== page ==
MBDA Working with CBC to Inspire Leaders and Build Generational Wealth
Created on September 25, 2012
Beginning on September 19 through the 22nd, the Congressional Black Caucus Foundation (CBCF) hosted the 42nd Annual Legislative Conference (ALC) in Washington, D.C. The conference, with the theme of Inspiring Leaders/Building Generations, brought together leaders of industry, policy, education, and the population at-large to discuss issues of importance to the African American community.
The Minority Business Development Agency (MBDA) was proud to participate in two discussions during ALC focused on empowering African American communities through economic opportunities both at home and abroad. On Day two of the conference, Kimberly Marcus, Associate Director for the Office of Legislative, Education, and Intergovernmental Affairs, participated in a panel hosted by Mid-Tier Advocacy examining challenges faced by small and emerging businesses in federal contracting. Marcus spoke to the resources provided by MBDA specifically the recently launched Federal Procurement Center as well as online tools such as the Phoenix-Opportunity Database. She was joined on the panel by Bridget Bean of the Small Business Administration, Ben Gaither of IBM, and Congressman Hank Johnson (GA-04).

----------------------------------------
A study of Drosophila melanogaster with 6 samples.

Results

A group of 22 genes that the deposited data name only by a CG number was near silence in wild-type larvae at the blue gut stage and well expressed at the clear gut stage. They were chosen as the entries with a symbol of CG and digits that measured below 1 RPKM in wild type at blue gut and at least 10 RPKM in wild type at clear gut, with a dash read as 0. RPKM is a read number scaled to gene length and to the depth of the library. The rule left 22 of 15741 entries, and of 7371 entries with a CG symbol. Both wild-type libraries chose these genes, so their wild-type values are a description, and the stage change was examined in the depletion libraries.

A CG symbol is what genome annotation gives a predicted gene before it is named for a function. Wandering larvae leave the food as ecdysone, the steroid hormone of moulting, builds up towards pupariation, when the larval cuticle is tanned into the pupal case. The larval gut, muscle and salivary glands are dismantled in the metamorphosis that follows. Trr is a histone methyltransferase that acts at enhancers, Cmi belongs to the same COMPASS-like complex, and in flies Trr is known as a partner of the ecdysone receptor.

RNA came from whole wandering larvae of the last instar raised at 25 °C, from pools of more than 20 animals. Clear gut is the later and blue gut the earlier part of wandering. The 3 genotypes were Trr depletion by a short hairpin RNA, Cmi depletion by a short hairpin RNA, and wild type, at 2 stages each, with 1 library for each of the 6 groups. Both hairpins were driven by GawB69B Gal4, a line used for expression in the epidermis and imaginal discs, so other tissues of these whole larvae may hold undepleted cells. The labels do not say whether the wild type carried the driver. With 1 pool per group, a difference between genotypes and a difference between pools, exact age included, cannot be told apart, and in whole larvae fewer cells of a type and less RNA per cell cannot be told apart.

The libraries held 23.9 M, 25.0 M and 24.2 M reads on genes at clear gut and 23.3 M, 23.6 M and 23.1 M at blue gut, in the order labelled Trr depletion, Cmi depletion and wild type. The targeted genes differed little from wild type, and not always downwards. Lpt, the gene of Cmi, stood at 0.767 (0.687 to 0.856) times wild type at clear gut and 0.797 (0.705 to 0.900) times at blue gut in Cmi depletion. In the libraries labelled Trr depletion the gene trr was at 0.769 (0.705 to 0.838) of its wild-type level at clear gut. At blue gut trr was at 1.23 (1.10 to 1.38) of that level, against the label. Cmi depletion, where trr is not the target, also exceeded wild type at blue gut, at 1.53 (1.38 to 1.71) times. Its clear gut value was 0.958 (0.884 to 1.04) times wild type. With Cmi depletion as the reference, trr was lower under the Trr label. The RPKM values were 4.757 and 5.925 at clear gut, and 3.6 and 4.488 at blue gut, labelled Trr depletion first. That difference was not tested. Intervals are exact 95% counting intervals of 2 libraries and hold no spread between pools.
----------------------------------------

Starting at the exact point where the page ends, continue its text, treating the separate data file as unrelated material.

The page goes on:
Later in the day, MBDA National Director David Hinson joined U.S. Rep. Keith Ellison (MN-05) to discuss resources and economic opportunities for minority-owned firms on the continent of Africa. More than 95 percent of the world’s consumers are outside the borders of the United States and Africa in particular presents numerous intriguing possibilities. Director Hinson spoke to the fact that six of the world’s 10 fastest growing economies are located on the continent and that MBDA as well as its partners within the Department of Commerce, Export-Import Bank, and the Overseas Private Investment Corporation (OPIC) are ready to assist firms access these markets.
MBDA and its network of MBDA Business Centers are valuable assets to African American-owned firms. By providing access to capital, contracts, market access, and strategic consulting services, African American-owned firms can reach their true economic potential, creating jobs for all Americans and helping to support and grow the entire U.S. economy.